Your website name is the center of your Internet identity. So what type of things should you take into consideration when choosing the name that will represent you on the Web?
You basically have four options:
- Use your own name.
- Use a company name.
- Use a niche name.
- Use a project name.
Option #1: Use Your Own Name
More and more, people are distrustful of organisations. They are looking for human connection. They want a name, a face, values, and a style they can trust. From a social media perspective, people are more likely to interact with a face than an icon.
This is why this is the age of personal brands. That is by far my favorite option when it comes to building a platform. It’s the one that provides the most flexibility.
Over the years, your brand may change many times. But your web address will remain the same. This ensures that you take most (if not all) of your audience with you as your interests and activities change.
If you are just starting out, I suggest you start here. Secure a website name with your personal name or some variation of it. Yes, your name may already be taken. If so, you just have to get creative.
For example, if someone else owned MaximSherstobitov.com, I might try:
These all have their pluses and minuses. There’s no right answer. You just want to make it as easy to remember as possible.
The only disadvantage to using your name is that you can’t build a platform you can easily sell. If you build your business around your personality, it won’t be worth much if you aren’t included as part of the package.
Option #2: Use a Company Name
You may or may not also need a company site. It depends on the nature of your business and what your goals are.
In my case, for example, I co-own a business: Easy Freight Ltd. It is the company that provides Customs brokerage and international shipping services. It has some brand value, so we have a website for it.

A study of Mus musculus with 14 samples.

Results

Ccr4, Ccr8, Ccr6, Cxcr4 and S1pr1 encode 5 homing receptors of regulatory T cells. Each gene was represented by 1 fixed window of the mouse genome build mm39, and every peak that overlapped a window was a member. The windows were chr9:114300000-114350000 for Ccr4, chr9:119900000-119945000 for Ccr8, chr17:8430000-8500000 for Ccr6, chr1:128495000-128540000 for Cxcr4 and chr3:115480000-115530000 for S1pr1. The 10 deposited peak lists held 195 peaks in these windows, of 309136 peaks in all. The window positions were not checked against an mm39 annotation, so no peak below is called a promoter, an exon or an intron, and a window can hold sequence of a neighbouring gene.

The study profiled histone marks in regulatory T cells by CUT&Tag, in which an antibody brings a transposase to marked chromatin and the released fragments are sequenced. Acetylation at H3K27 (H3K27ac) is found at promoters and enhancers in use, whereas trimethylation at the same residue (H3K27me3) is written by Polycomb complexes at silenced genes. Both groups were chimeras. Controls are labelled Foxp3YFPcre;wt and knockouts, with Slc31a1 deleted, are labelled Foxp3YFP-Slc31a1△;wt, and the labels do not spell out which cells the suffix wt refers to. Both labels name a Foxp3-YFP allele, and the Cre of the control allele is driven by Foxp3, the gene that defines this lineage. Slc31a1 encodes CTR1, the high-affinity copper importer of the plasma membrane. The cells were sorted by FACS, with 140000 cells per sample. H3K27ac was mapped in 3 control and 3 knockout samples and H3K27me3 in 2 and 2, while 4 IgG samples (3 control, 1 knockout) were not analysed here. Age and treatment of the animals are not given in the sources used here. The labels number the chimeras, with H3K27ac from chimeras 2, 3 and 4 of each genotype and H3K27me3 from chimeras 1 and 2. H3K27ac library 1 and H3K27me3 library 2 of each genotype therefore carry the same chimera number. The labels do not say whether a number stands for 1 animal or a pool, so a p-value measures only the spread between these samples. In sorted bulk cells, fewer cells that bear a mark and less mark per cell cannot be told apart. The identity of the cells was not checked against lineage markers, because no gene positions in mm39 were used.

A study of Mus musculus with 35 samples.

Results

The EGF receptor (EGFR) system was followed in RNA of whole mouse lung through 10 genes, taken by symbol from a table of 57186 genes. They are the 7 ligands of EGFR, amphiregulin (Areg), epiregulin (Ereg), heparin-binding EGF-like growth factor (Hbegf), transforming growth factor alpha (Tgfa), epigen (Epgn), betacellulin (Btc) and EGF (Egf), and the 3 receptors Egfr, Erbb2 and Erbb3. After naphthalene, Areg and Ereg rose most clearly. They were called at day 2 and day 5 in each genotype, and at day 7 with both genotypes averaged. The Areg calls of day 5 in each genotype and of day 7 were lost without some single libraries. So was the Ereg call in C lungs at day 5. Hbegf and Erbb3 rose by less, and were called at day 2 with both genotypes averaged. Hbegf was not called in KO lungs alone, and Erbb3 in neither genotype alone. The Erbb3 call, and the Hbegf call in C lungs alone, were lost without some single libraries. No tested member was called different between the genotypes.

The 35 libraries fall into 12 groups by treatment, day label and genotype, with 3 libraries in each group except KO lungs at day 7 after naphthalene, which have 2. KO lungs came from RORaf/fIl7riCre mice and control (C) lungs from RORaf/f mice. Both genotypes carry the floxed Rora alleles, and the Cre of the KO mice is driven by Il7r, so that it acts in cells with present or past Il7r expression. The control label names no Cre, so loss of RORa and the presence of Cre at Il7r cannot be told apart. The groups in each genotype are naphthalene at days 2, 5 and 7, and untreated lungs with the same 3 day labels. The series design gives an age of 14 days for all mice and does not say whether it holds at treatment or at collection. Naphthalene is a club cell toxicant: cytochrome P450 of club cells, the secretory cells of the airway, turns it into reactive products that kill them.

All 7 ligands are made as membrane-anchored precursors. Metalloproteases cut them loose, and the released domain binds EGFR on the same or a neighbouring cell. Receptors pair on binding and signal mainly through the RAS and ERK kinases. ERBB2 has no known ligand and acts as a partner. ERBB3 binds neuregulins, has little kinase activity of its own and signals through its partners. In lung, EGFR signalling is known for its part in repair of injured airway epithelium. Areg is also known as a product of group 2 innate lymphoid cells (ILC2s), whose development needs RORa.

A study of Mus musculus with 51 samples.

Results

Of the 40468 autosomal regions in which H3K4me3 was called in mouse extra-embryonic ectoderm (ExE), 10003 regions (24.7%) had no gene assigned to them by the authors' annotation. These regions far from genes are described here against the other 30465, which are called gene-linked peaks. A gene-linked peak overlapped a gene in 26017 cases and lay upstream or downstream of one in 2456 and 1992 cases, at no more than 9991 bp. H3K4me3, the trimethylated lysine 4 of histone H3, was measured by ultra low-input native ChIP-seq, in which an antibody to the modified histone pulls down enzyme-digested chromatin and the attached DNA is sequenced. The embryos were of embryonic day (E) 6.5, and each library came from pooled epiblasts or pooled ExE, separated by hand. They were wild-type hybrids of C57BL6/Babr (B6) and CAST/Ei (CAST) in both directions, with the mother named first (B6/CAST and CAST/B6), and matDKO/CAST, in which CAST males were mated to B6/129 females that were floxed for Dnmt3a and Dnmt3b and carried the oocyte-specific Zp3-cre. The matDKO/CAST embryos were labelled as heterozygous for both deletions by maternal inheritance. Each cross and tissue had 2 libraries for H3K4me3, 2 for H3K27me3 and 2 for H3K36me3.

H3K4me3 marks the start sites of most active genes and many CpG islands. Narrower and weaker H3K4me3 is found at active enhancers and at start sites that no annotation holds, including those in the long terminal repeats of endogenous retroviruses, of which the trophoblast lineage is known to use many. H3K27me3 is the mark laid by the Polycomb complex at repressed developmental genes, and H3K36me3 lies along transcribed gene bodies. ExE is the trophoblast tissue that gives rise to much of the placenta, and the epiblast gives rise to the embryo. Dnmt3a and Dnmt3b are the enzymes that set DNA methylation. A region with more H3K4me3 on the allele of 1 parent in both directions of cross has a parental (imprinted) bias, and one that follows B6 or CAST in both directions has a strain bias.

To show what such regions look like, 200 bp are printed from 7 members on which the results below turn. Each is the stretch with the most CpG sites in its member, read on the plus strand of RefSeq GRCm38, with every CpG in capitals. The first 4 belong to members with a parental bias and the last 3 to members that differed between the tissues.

So if your company has brand value, either with consumers or businesses, you will likely need a corporate site as well.
Option #3: Use a Niche Name
This can work well, too, especially if want to make it clear what you are about, are committed to serving this niche for the long haul, and want the option of being able to sell it eventually.
Another advantage is that you can use other people to create the content on your website. If it’s not built around you, but around the niche, then you can recruit other writers. This is almost like a magazine, but way cheaper to get started. But that’s how you should think about it.
Examples of my favourite niche websites include:
Make sure the selected website name doesn’t require much explanation when you speak it out loud. Imagine your website looks like “designglimpsed.com”, and you are trying to tell it to someone: “D-E-S-I-G-N then G-L-I-M-P-S-E-D dot com”… Not that easy, isn’t it?
Both hyphens and numbers make it hard to give your domain name verbally and falls down on being easy to remember or type. I’d suggest not using spelled-out or roman numerals in domains, as both can be confusing and mistaken for the other.
Option #4: Use a Product Name
This is where you have to be careful. I would not build a website or a blog around a product that has a limited shelf-life. I see authors making this mistake a lot. They build a site for their new book rather than having a dedicated page off their personal site.
Quite a lot of publishers spent literally hundreds of thousands of dollars doing this from about 2000–2006. They built a site for every major book they published. It was a complete waste of money.
With a book, you just don’t have enough time to build an audience and sustain it. The exception might be if you want to create a community around your book and plan to provide ongoing content and other resources to your audience. This is what Michael Hyatt did, for example, with his Platform University membership site. It’s not just about the book.
A product site does make sense for products you intend to launch and make available for the foreseeable future.
I wish I had a simpler answer for you. I know this is a lot to think about. But if you are just starting out, I recommend you build a site based on your name first. This will give you the maximum flexibility. You can use it to find your voice and begin building a tribe.
Once you get that up and running, and depending on your business interests, you can add a portfolio of other sites to it.
Question: What is your website name and why did you choose it? Would you name it differently and why? Leave your comment below.
Do you know of other people that will find this article useful? Awesome, please share it on social media. Thank you!